10/23/2013 06:22 pm ET Updated Jan 23, 2014

The Remarriage Blueprint

A common way of picturing remarriage is as a freshly cleaned slate, a hope-filled new chance at happiness in a completely different relationship. The remarrying pair typically set out with a sense of optimism, a belief that this marriage will improve the quality not only of their own lives, but the lives of the children involved.

Still, despite the fact that the new mates are embarking with the delicious feelings of increased energy and self-worth that being in a loving, intimate relationship can bring, they will rarely progress very far before finding themselves faced with dilemmas that are dissimilar from anything that either faced the first time around. They are discovering that the replacement of a missing parent (due to divorce, desertion or death) does not restore the family to its first-marriage status.

On the contrary, it presents the new couple with a handful of unanticipated and powerful challenges. This is due to the simple truth that first-marriage families and remarried families can be likened to two discrete buildings whose basic blueprints differ significantly.

Everyone is of course familiar with the structure of the first-marriage family. Metaphorically speaking, it corresponds to the family most of us grew up in; it is the family that exists in our heads. But the design of the remarried family is relatively unknown, and few people even understand that it is constructed according to a fundamentally different design plan. The elemental difference between the two "buildings" is created by the crucial fact biological parents have long-standing, deep connections to their blood-and-heart related children and newcomer/stepparents do not.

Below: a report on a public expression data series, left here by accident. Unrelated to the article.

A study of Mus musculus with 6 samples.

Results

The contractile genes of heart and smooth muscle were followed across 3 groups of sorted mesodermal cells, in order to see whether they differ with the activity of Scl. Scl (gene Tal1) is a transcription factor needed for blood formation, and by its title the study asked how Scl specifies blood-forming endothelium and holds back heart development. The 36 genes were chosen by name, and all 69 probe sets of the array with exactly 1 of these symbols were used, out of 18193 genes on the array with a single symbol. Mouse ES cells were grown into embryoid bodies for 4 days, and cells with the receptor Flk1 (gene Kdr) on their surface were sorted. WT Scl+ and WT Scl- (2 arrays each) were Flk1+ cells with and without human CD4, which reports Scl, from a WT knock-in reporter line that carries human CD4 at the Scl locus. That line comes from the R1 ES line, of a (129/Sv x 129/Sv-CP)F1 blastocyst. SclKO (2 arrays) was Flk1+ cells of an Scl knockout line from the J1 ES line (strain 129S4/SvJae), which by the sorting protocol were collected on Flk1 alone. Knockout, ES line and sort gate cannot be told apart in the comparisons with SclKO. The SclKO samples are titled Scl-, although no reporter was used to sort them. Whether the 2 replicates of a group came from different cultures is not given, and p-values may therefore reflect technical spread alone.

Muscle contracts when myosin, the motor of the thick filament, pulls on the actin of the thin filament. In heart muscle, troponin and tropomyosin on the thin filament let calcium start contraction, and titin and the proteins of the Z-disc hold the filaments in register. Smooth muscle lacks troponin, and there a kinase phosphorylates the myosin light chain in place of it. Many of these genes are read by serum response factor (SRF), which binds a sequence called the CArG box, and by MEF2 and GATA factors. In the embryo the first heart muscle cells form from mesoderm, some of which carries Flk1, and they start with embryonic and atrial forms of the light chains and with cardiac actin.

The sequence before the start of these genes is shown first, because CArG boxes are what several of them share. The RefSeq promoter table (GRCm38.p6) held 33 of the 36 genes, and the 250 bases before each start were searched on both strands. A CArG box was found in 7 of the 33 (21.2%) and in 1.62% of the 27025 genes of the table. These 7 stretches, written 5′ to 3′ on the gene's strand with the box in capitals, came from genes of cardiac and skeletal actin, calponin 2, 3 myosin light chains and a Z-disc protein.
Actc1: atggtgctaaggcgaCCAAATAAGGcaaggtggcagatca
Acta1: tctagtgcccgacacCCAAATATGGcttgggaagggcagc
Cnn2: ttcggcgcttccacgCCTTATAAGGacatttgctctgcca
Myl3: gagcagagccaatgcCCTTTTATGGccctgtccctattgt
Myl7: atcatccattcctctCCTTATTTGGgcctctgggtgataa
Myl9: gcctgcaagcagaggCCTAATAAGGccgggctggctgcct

This situation presents the family with a number of complex design issues which require them to discard what architects refer to as "the vernacular" or "conventional planning." The remarried couple and their children must leave behind many of their taken-for-granted assumptions about how a family structure is supposed to look. They must get to work on self-consciously creating a diagram and then planning, designing and building an entirely new kind of edifice - one that will realistically meet their unique and particular needs.

Obviously, the new family is coming together when the adult partners are older and one or both are bringing the children of former relationships into the mix. The family structure they build together will necessarily differ significantly from the more traditional first-marriage family design and their assumptions about family organization must of necessity undergo the process of being dismantled, reanalyzed and reconfigured in ways that will work well for their newly amalgamating group. This is where the notion of "architectural expertise" comes in.

In my book, I describe the Architectural Model created by remarriage expert Patricia Papernow. A basic tenet of the model is that there are five major structural challenges faced by remarrying partners, and the couple will typically encounter several or all of them. Some of these challenges will be readily recognizable by the reader, but many remarried couples have never even heard of them - although they may be living them out on a daily basis.

The first and very rarely anticipated of the challenges is the powerful impact of Insider/Outsider forces. These forces are a basic, inbuilt feature of remarriage. They tend to shift the members of the couple into opposite positions because their early experiences of the marriage are so different. One partner (the outsider) often feels left out and rejected when the mate's children are on the scene. The other partner (the insider) feels wrenched between his or her lifelong commitment to his or her offspring and the person he or she has fallen in love with and married.

In brief, the insider parent is trying hard to mediate between the way the family used to operate (its habits, rules, routines) and the different ways the outsider partner feels it should operate in the future. To be noted is the fact that in families where both mates bring children to the marriage, these insider/outsider roles can switch around depending on whose youngsters are on the scene.